Glencore-Xstrata Merger ‘Almost a Done Deal,’ Standard Life Says

Glencore International Plc’s revised $32 billion takeover bid for Xstrata Plc will probably be approved by investors while retention payments to about 70 managers may be rejected, Standard Life Investments said.

“It’s almost a done deal,” David Cumming, head of equities at Standard Life, told the British Broadcasting Corp. on Radio 4’s Today program, according to e-mailed interview extracts sent by the insurer. Standard Life owns a 1.44 percent stake in Xstrata, according to data compiled by Bloomberg.

Shareholders are scheduled to vote Nov. 20 on plans to create the world’s fourth-largest mining company. In the first meeting of the day investors will be asked to consider two resolutions, one to approve the takeover along with 144 million pounds ($229 million) of retention bonuses for about 70 Xstrata employees, and a second that excludes the pay question.

Glencore raised the bid Sept. 7 to 3.05 of its shares for each one in Xstrata from 2.8 shares offered in February. That followed demands from investors including 12 percent Xstrata shareholder Qatar Holding LLC for more. Standard Life will vote for the deal without the retention payment, Cumming said.

Qatari Prime Minister Sheikh Hamad bin Jassim Al Thani on Oct. 15 said the Gulf state looked favorably on Glencore’s sweetened bid for Xstrata. “We’re looking in favor of doing something between the two companies,” Sheikh Hamad told reporters in Doha, asked whether Qatar supported the offer.

Qataris Supportive

“The fact the Qataris are supportive of the deal suggests that the deal will go through,” Cumming said. “I do think that incentive package should be voted down, I think it’s unnecessary and, to be honest, I think it’s a combination of a rather rapacious management team and a weak board, and we will be voting against it but you can vote against it and the deal still will go through and I think it will go through.”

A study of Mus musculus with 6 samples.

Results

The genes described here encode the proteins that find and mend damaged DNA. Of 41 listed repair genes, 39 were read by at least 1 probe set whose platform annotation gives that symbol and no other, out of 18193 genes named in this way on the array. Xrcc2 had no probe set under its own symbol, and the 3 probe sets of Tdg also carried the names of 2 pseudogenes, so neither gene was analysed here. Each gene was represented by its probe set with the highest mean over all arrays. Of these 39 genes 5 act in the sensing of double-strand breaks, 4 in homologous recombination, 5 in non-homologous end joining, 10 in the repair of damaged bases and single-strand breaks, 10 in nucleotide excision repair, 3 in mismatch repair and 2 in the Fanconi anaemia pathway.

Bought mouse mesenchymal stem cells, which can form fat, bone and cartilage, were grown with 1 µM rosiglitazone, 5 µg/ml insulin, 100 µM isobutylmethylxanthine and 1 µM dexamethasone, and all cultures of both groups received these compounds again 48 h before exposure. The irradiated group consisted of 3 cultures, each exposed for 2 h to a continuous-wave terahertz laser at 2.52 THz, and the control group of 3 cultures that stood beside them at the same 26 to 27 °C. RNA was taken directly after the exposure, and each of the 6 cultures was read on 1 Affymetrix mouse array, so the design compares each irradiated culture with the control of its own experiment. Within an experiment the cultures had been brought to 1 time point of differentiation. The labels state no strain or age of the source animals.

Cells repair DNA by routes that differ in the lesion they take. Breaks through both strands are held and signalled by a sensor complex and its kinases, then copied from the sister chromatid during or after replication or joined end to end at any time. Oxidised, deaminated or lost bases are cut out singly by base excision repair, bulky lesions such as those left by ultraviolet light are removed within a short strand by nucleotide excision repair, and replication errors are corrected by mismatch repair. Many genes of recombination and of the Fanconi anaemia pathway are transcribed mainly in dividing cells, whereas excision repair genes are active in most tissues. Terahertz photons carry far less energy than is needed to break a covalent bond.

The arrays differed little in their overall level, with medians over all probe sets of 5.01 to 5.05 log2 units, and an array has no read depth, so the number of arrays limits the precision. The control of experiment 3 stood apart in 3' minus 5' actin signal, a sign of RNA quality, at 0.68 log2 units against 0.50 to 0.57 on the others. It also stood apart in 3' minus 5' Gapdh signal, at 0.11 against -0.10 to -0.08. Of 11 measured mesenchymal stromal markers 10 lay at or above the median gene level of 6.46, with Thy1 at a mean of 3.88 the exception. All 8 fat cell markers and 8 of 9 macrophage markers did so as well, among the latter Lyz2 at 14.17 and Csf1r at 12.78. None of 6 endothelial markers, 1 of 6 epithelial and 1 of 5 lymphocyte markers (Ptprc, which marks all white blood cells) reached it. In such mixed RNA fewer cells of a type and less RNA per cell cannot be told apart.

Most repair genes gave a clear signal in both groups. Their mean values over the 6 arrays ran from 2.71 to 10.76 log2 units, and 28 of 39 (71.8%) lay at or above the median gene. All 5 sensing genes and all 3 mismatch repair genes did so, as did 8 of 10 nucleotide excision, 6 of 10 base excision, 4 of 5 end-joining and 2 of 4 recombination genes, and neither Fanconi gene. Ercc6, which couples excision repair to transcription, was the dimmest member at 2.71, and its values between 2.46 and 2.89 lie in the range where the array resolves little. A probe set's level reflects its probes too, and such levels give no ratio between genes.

Xstrata declined to comment on Standard Life’s comments.

As few as 16.48 percent of shareholders can block the deal because U.K. takeover rules prevent Baar, Switzerland-based Glencore from voting its 34 percent stake in Xstrata, the world’s largest thermal coal exporter. The deal must be backed by a vote of 75 percent to be approved.

Xstrata’s board on Oct. 1 recommended shareholders back the revised deal and vote for the packages to retain the managers responsible for the industrial assets that will account for about 80 percent of the combined company’s earnings.

Xstrata also placed advertisements in weekend newspapers, repeating its recommendation and informing its investors that they may vote by proxy by Nov. 16 or in person on Nov. 20.

Unusual Advertising

“It is unusual to see companies advertising for shareholders to vote,” Cumming said. “But I think the Xstrata management are a bit worried about their incentive package being voted down and there are scenarios where that could scupper the deal.”

Apart from the two resolutions in the court meeting on Nov. 20, Xstrata shareholders will also be asked to vote for two more resolutions in the extraordinary general meeting to be held about half an hour later. The first vote will be to empower the Xstrata board to complete the deal and the second to approve the retention package in a stand-alone vote, requiring 50 percent support.

The outcome of the retention payment vote will define which of the first two resolutions will be acted upon.

If the vote is yes, the result of the resolution for the deal with the retention package will be used and if the vote is no, the result of the resolution for the transaction without the bonus package will govern the outcome of the whole deal.

Scottish Widows

Scottish Widows Investment Partnership, owner of about 1.1 percent in Xstrata, on Nov. 9 said it supports the deal and the retention payments. “SWIP is supportive of the merger and the revised incentive arrangements,” Anne Fraser, head of corporate governance, said in an e-mailed statement. “The merger will bring together two different but complementary businesses.”

The offer by Glencore, the largest publicly traded commodities supplier, to take over Zug, Switzerland-based Xstrata’s copper, coal and zinc mines has also divided shareholder advisory groups.

Pensions & Investment Research Consultants Ltd. recommended shareholders oppose the deal because of a lack of due diligence and board independence at Xstrata. While Institutional Shareholder Services Inc. and Glass Lewis encouraged investors to support the takeover, they called for the resolution on retention bonuses to be voted down.

The Association of British Insurers lowered its concern rating for the deal to amber from the “red top” it gave it in June that highlighted a breach of best practices.